Ten years ago, the demise of Lehman Brothers marked the height of the financial crisis. At the time, I was an economist at one of the UK’s largest financial institutions. Working there gave me abundant insights into the psychological biases at play, both in that institution and in the companies that it supported.
Many of these companies were relatively young and entrepreneurial. As the credit crisis unfolded, and some of these businesses inevitably ran into trouble, their management could always come up with reasons why they would be OK. That optimism bias in business-creators is often positive; they need to have a substantial appetite for risk. And many of those businesses did survive – because they had successful products or services, and because they hadn’t taken on excessive debt.
Some of them went under, though, and some of that optimism was simply hubris: the excessive self-confidence that provokes the wrath of the gods in Greek tragedy. But the hubris at the big financial institutions went beyond what we saw with even our boldest clients. Although few of us can claim to have seen the crisis coming, many of us felt uneasy at the excesses on display in the run-up to the crash.
The ostentatiousness of corporate charity events was an obvious omen. These auctions for good causes took place in lavish surroundings and after extravagant dinners, the funding for which could have been put to much better use by the charities concerned. Executives and their spouses would bid huge sums for ‘experiences’, paintings and – on one memorable occasion – a pop star’s signed underwear.
Our own management conference at the end of 2006 epitomised the extravagance, with presentations by brash corporate bosses in a European capital. So many people were flown in from as far afield as Australia that it caused complete gridlock in the city.
A year on, as short-term bank funding dried up, the atmosphere changed. The 2007 conference was held in London. The themes included ‘teamwork in changing circumstances’ and ‘finding our way through’. Management clearly believed that we would find our way through. As it turned out, we didn’t.
Another feature of the time was the rabid competition between Scottish financial institutions. These were purportedly global businesses, or at least had global ambitions. Yet their managements were obsessed with how their local rivals were doing – because these were the people with whom they shared streets, schools and golf clubs. The same was true in Ireland.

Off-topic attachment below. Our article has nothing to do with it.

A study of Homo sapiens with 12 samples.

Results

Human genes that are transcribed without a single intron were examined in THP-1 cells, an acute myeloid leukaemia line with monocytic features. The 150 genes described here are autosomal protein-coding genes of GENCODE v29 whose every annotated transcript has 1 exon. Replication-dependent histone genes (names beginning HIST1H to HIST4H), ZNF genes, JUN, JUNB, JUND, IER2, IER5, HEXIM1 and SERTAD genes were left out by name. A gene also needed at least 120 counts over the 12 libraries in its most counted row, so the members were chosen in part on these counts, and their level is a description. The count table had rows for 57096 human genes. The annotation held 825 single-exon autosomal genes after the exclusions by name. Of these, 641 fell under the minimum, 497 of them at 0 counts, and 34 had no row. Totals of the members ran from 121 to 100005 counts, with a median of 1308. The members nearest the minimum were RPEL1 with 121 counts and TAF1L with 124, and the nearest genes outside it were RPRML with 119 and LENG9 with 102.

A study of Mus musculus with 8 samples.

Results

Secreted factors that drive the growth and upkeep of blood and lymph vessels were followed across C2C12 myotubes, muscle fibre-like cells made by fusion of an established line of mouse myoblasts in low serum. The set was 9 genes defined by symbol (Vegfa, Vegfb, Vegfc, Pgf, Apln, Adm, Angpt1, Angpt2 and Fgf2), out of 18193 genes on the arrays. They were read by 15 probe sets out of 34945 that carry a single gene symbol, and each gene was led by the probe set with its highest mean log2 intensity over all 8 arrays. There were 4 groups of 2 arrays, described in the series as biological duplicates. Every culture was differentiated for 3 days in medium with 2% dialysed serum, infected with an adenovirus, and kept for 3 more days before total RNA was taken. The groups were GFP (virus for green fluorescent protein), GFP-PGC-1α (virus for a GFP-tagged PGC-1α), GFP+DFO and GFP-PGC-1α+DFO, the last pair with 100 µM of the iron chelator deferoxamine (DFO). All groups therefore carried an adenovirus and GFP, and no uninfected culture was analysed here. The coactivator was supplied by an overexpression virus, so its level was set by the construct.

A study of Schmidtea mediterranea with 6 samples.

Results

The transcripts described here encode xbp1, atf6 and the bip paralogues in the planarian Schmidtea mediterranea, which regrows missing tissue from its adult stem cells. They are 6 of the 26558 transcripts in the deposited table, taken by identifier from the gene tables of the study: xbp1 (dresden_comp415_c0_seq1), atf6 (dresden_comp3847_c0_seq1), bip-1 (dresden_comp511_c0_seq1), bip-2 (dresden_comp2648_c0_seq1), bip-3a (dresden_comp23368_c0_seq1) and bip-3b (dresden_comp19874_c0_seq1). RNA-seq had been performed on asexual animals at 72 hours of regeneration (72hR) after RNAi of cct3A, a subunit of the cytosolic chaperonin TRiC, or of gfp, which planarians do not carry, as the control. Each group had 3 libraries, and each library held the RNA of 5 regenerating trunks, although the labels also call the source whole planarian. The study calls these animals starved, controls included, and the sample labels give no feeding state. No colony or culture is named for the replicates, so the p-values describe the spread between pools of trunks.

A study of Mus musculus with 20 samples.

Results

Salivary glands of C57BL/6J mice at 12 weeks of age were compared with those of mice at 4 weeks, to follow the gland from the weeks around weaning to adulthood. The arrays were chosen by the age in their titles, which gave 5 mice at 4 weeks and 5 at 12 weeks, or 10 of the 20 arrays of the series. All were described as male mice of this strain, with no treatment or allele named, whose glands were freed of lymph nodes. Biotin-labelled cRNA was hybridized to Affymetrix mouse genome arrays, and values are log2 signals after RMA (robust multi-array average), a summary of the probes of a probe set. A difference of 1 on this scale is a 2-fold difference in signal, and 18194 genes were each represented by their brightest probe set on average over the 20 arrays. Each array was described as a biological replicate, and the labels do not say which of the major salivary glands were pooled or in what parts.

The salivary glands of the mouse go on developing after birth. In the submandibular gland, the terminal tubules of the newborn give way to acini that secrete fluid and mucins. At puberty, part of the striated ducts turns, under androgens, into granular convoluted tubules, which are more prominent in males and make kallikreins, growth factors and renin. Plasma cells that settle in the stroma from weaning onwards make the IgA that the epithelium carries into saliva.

So you got these geographical concentrations of ultra-competitive, risk-taking behaviour and extreme reluctance to miss out on anything competitors were doing. There was clearly an addictive element, with positive media coverage of audacious dealmaking only exacerbating the pattern. That created a spiral of excessive competition and excessive optimism. And when things turned sour, this risk-loving behaviour degenerated into paranoia and defensiveness.
As the crisis deepened, institutions like the one I worked in came under pressure in both the market and the media. With everyone constantly watching the share price, a ‘them and us’ culture quickly emerged. Company loyalty was clearly a source of temporary psychological strength.
Colleagues constantly complained about short selling – the practice of trying to make money from falls in a company’s share price. Short sellers can distort and exploit market perceptions, but they can also be a symptom of deeper-seated problems.
Yet rather than worrying that their jobs might be at risk, most colleagues simply blamed the short sellers. Senior management also confused symptoms with causes, blaming the institution’s liquidity problem – access to short-term funds – rather than the potential solvency crisis that underlay it.
Meanwhile, management blocked some popular financial commentators’ blogs on the company internet. But they could still be accessed on our Blackberries, and management updates still referred to them. The optimism bias had descended into farce.
A couple of days after Lehman Brothers’ collapse, we knew it was just a matter of time for us. Our share price was falling heavily. That week, I ordered a winter coat online. Between my placing the order and paying, the share price had fallen another 10 per cent.
On the last morning, I went into the office to file my expenses. I’d taken to doing that more regularly since the crisis began – and I’d also started checking that my salary was arriving in my bank account. But by the time I’d made the half-hour walk in, the share price was suspended. And that was that.
As in Greek tragedy, hubris was followed by nemesis – and a centuries-old institution was brought low by the excesses of a few wild years. As the memory of the sheer panic of 2008 begins to fade, we should be mindful that we remain just as susceptible to biases like these that can blind our judgement in the teeth of a crisis.
Lucy O’Carroll is the chief economist for Aberdeen Standard Investments.